Emmy-winning actor and TV personality was the longest-working star in US television
After sources told TMZ that the star had died on Friday (31 December), White’s agent and close friend confirmed her death in a statement.
“Even though Betty was about to be 100, I thought she would live forever,” Jeff Witjas wrote. “I will miss her terribly and so will the animal world that she loved so much. I don’t think Betty ever feared passing because she always wanted to be with her most beloved husband Allen Ludden. She believed she would be with him again.”
White was weeks away from what would have been her 100th birthday, which had been celebrated with a new documentary about her life, and cover story for People Magazine in the US in which the star shared her secrets to longevity. She said that she enjoyed “a quiet life” at home in California following her years in entertainment, playing crossword puzzles and card games, along with watching animal documentaries, golf and Jeopardy!
Over the course of her eight decades in showbusiness, White won eight Emmys and one Grammy, was the first woman to produce her own US sitcom, and appeared in work as diverse as the sitcom Hot in Cleveland and the horror movie Lake Placid. She remains best known for her role as the daffy and adorably naive Rose Nylund on The Golden Girls, which ran from 1985 until 1992.
Ambitious from the off, the California native wrote and starred in her own play while still in high school, and graduated eager to find fame in film and television. After being told that she was not “photogenic”, White initially made her name in radio, and lent her voice to adverts, comedy sketches and radio musicals. She would break into television hosting a daily variety show, before producing and starring in her own sitcom, Life with Elizabeth, in 1953. At just 28, she became the first woman to create and star in her own TV series.
Her own variety series, The Betty White Show, followed in 1954. White’s power in the industry, even in the Fifties, was proven by her refusal to bow to racists after she recruited a Black dancer to appear on the show. The presence of tap dancer and singer Arthur Duncan on the series led to calls for a boycott, which White ignored.
“All through the South there was this whole ruckus,” White recalled in 2018. “They were going to take the show off the air if we didn’t get rid of Arthur because he was Black. Evidently through the South at that point it was a very heavy [thing], and I said, ‘I’m sorry, but he stays. Live with it!’”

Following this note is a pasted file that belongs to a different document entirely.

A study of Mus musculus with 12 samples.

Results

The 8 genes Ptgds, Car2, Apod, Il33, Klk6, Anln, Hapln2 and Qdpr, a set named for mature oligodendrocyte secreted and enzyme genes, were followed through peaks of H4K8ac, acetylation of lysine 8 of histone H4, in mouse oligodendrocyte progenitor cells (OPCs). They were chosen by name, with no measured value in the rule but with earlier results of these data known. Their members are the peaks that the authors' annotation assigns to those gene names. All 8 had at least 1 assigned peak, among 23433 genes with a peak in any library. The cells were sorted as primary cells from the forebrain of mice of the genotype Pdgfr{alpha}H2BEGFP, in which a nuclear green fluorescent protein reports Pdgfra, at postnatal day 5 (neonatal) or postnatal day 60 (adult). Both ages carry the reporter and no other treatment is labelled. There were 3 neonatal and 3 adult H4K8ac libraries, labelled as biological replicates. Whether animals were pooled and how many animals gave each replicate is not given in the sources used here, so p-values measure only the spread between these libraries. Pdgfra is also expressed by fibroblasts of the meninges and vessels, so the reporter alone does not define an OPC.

In the wake of her variety show, White became a popular celebrity and a fixture on TV game shows. After several appearances on celebrity versions of the game show Password, White embarked on a romance with its host, Allen Ludden. The pair were married in 1963, and remained together until Ludden’s death from cancer in 1981. The couple had no children, but White was stepmother to Ludden’s three kids from his previous marriage. White was previously married to a Hollywood talent agent, with their marriage coming to an end when White refused his wishes for her to abandon her career.
It wasn’t the rosiest of sets, however. In 2011, White confirmed long-standing rumours that she and her co-star Bea Arthur didn’t always get along. “Bea had a reserve,” she revealed during a Q&A for her book If You Ask Me. “She was not that fond of me. She found me a pain in the neck sometimes. It was my positive attitude, and that made Bea mad sometimes. Sometimes if I was happy, she’d be furious!”
White experienced a pop culture resurgence in 2009 after appearing in the romantic comedy The Proposal with Sandra Bullock and Ryan Reynolds. The internet seemed to awaken to her brand of salty wit as a result, with White regularly appearing in memes and appreciation tweets. A petition demanding US broadcaster NBC recruit White to host Saturday Night Live also proved successful, with White presenting the long-running sketch show for the first time in 2010.
White’s subsequent roles included another sitcom, Hot in Cleveland, as well as her own hidden-camera prank series, Off Their Rockers. White also voiced a toy sabre-toothed tiger named Bitey White in the 2019 film Toy Story 4, and played versions of herself in The Simpsons, 30 Rock and Ugly Betty. In 2013, she was recognised by the Guinness Book of World Records as the woman with the longest TV career in entertainment.
White suggested to The Guardian in 2012 that her longevity in the industry was more or less an accident. “I think after 63 years in the business people grow up with you, and they have children and then they grow up with you,” she explained. “They think you’re a fixture, so I think they don’t know how to get rid of me, to be honest.”
Following the death of Bea Arthur in 2009 – of White’s Golden Girls co-stars, Estelle Getty died in 2008 and Rue McClanahan died in 2010 – White said that she did not fear the end.
“I think death is a friend, in a sense,” White told Female.com. “My mother taught me that. She taught me that we know the answers to so many things, but there’s one thing nobody on the planet knows. What happens when somebody dies? Does it just end? Do they go someplace else? We don’t know, any of us … But she always says, when we’d lose somebody, it was – ‘Well, now he knows the secret.’ So, to me, now Bea knows the secret. It doesn’t keep it from hurting us who are left behind. But I’ll be very interested in knowing the secret.”